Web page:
Inuit have lived in Canada’s North for thousands of years, but over the last several decades have experienced what Pauktuutit (Inuit Women of Canada) calls “an unparalleled rate of cultural change…from isolated, family-based economic groups that relied on subsistence hunting and fishing and seasonal relocation, to populations that now live in permanent settlements and rely, in part, on a wage economy.” This shift has had a heavy cost.
Inuit have a life expectancy that is 13 years lower than the rest of Canada.1 The infant mortality rate for Inuit, a measure UNICEF describes as “a fundamental indicator of the health and human development of a country” is three times the national average.2 So what is causing these huge discrepancies? Poverty is a significant factor.
Poverty and the need for adequate, affordable housing go hand-in-hand. Homelessness in the North is often hidden, as the harsh climate and Inuit culture mean that lack of housing manifests itself in overcrowding and the continued occupation of homes in need of major repairs. As of 2006, 31% of Inuit lived in what Statistics Canada refers to as “crowded homes” and 28% of Inuit reported living in homes needing major repairs.3 The problem is exacerbated by a lack of local materials for housing and high transportation costs, which makes the construction of new housing far more expensive than in other areas of Canada.
The lack of adequate housing in the North has a significant impact on Inuit health. Overcrowding, for example, leads to higher rates of communicable diseases, such as tuberculosis. As of 2010, the tuberculosis rate amongst Canadian Inuit was 185 times the national rate; a figure which the national Inuit organization, the Inuit Tapiriit Kanatami (ITK), says is directly affected by housing, food security and access to health care.4 Many northern homes lack proper ventilation, causing a higher incidence of lung infections among children.
These health issues are further compounded by lack of access to health services: in 2001, 46% of Inuit children accessed a doctor compared to 85% of non-Aboriginal children.5 The first point of access in most Inuit communities is a nurse, as few doctors set up permanent practices in northern communities.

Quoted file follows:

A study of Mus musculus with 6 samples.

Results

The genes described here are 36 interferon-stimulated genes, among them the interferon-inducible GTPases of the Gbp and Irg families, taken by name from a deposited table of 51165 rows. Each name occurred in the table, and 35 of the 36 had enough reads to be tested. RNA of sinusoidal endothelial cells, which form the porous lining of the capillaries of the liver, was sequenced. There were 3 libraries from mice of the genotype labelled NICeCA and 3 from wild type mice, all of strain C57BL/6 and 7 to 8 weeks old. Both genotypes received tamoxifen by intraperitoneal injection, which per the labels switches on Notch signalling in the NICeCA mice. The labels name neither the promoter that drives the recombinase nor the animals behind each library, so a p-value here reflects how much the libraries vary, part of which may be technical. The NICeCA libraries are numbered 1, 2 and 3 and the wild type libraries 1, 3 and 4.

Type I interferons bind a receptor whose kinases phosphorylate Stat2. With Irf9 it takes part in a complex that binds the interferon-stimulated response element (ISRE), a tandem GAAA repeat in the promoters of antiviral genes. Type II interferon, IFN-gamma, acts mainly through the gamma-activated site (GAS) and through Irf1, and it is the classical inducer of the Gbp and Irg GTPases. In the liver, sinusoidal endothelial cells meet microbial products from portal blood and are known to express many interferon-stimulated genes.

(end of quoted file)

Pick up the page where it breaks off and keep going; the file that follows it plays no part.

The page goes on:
Food security is also a major concern for the Inuit. In 2005, approximately 30% of Inuit children aged 6-14 had experienced hunger at some point in their lives because their families had run out of food or money to buy food.6 An important part of Inuit culture is country food or food harvested from the land, sea or rivers. In 2005, 68% of adults in Inuit Nunaat harvested country foods, and in 2001, 96% of Inuit households shared country foods.7 However, environmental changes are making this more difficult and store-bought foods are an expensive alternative. As of 2007, a healthy diet for a family of four in an isolated northern community was estimated to cost $18,200-$23,400 a year. When compared to the median Inuit yearly income of $16,669, the high cost of living and food in particular becomes especially significant.8
When talking about the root causes of many of these issues, Mary Simon, current head of the ITK, has stated that “We are still working through some of the negative effects of…colonization. Effects ranging from coerced relocations to and between communities, to residential schools abuse, to inter-generational crises brought about by disrespect for traditional Inuit culture and values.”9
While some improvements have been made, it is clear that other levels of government and society must play their part. When one considers the realities described above, it is obvious that something needs to change. However, it is equally clear that any attempted remedies must be developed and implemented in consultation with Inuit people and their representatives or else risk exacerbating the situation.
Public justice – “the political dimension of loving one’s neighbor, caring for creation, and achieving the common good” – means we cannot accept that groups in Canadian society are excluded from economic and social well-being. We must come to terms with this reality so that concrete, informed action to combat poverty can take place, leading to real change.
For more on how climate change and poverty are related and suggested actions to address these twin challenges in Canada’s North, stay tuned for the final parts of this series.